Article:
NICOLET NATIONAL FOREST
Since 1993, these two national forests have been managed as one, with headquarters offices in both Park Falls and Rhinelander. Each national forest has retained its individual identity. As one example, visitors driving across the state, from east to west on US Highway 70, will first see portal signs near Florence welcoming them to the Nicolet National Forest, then signs welcoming them to the Chequamegon National Forest, west of Minocqua.
National forests are divided into administrative units called ranger districts. The Chequamegon side of the forest comprises three districts. As with the forests themselves, several ranger districts were combined. The Glidden and Hayward ranger districts combined into the Great Divide Ranger District with district headquarters offices located at Glidden and at Hayward. The Medford and Park Falls ranger districts have also been combined into a single district, with headquarters offices at Park Falls and Medford.
The Nicolet side of the forest comprises two ranger districts. The Eagle River and Florence ranger districts have been combined into a single unit - the Eagle River-Florence Ranger District, with ranger stations located in each of those towns. The Lakewood and Laona ranger districts have also been combined into a single unit, called the Lakewood-Laona Ranger District. District headquarters offices are located in both Lakewood and Laona at the old ranger office sites.
The Chequamegon-Nicolet National Forest also hosts the Blackwell Job Corps Center, located near the town of Blackwell. Job Corps is a public-private partnership, administered by the U.S. Department of Labor, whose mission is to provide comprehensive residential education and job training program for at-risk youth, ages 16 through 24. Blackwell is administered by the Job Corps field office in Lakewood, CO.
Both the Chequamegon and the Nicolet National Forests were established by presidential proclamations in 1933, but that was not the beginning. The land, its wildlife, and its people were already here. The cultures, the traditions, and lifeways of the past have created Wisconsin's national forests as we know them today. Archeologists have traced the cultural history to the time 10,000 years ago when the area was inhabited by the original people. The era of the Paleo-Indians was followed by the Archaic Indians, and finally, the Woodland Tradition Indians.
In the 1600s, Europeans--missionaries and fur traders--arrived in what is now Wisconsin. The Nicolet is named after Jean Nicolet, a French explorer who came to the Great Lakes Region in the 1600s to promote fur trading with the American Indians. The name Chequamegon is derived from an Ojibway word meaning "place of shallow water," and refers to Lake Superior's Chequamegon Bay. During the 17th century growing numbers of Europeans and Indians made the Northwoods their home.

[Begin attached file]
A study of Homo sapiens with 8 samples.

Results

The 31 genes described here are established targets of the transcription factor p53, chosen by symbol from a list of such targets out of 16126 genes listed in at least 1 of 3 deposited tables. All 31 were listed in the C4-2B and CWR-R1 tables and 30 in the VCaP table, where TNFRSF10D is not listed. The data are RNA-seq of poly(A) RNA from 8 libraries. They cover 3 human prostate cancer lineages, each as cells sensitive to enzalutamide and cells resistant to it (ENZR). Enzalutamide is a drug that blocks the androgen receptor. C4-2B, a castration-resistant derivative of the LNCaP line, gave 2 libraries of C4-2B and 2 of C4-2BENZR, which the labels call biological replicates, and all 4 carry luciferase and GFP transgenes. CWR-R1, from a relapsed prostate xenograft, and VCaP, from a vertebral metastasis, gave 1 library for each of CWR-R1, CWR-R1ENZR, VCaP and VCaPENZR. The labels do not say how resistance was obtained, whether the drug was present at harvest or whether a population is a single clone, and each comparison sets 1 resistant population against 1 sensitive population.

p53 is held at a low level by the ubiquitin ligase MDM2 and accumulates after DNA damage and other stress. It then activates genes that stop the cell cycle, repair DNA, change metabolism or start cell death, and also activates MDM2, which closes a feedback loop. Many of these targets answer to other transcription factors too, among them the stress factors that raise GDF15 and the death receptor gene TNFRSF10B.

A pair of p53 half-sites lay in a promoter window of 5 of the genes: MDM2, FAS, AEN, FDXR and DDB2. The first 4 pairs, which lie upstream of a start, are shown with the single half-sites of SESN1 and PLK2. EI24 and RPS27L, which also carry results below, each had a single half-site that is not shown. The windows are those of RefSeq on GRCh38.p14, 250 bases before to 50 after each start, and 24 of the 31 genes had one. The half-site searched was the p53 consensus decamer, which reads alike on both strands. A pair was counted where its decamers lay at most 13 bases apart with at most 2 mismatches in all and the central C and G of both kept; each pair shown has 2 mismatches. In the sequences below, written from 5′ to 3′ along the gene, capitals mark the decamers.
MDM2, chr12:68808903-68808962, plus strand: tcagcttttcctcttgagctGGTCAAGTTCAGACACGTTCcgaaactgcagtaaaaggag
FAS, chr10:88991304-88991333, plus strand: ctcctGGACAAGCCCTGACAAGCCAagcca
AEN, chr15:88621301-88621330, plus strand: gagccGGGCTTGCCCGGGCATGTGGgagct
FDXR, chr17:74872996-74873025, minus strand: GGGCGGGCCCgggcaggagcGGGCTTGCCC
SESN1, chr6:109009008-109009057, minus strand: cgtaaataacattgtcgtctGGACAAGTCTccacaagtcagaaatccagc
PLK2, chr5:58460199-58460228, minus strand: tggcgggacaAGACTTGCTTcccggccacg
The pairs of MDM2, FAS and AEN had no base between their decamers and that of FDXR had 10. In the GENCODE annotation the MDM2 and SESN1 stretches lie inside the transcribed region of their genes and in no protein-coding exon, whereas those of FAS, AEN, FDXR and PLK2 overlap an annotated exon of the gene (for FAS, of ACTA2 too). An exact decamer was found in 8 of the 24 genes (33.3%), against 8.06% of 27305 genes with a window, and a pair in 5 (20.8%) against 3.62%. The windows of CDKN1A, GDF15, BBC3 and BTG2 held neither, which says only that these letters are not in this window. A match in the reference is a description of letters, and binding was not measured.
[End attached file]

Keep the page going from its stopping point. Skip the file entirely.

Following close behind the fur traders were the lumbermen who established the timber industry. Early loggers used rivers to move pine logs to the sawmills. When the old-growth pinery dwindled, lumbermen used railroads to move the heavier hardwood logs to mills. Lumbering reached its peak on the forest in the 1920s.
When the timber ran out, much of the cut over land was sold to immigrants for farms and homesteads. The soils of the Northwoods proved better suited for growing trees, however, and many of the farms were abandoned. During that time it was not uncommon for fires to burn uncontrolled across the land.
In 1928, the Federal Government, under the authority of the Weeks Law of 1911, began buying abandoned and tax delinquent land in the Northwoods with the idea of establishing a national forest. Purchase Units were approved and in 1929, a Forest Service office was established in Park Falls to oversee land acquisitions.
In March 1933, shortly before he left office, President Herbert Hoover issued a proclamation establishing the Nicolet National Forest. The headquarters was located in Park Falls. A second office was opened in Rhinelander to handle land acquisition in the eastern part of the state. The Chequamegon was established as a separate national forest in November 1933, by President Franklin Roosevelt, from the Nicolet's westernmost lands. At that time, Park Falls became the headquarters for the Chequamegon and Rhinelander the headquarters for the Nicolet.
When the Great Depression rolled across the United States, thousands of young, unemployed men joined the Civilian Conservation Corps. CCC camps were established in the newly formed national forests. During the 10 years the Civilian Conservation Corps was active, Corpsmen planted thousands of acres of jack pine and red pine, built fire lanes, and constructed recreational facilities across the national forests. Much of their work is still evident.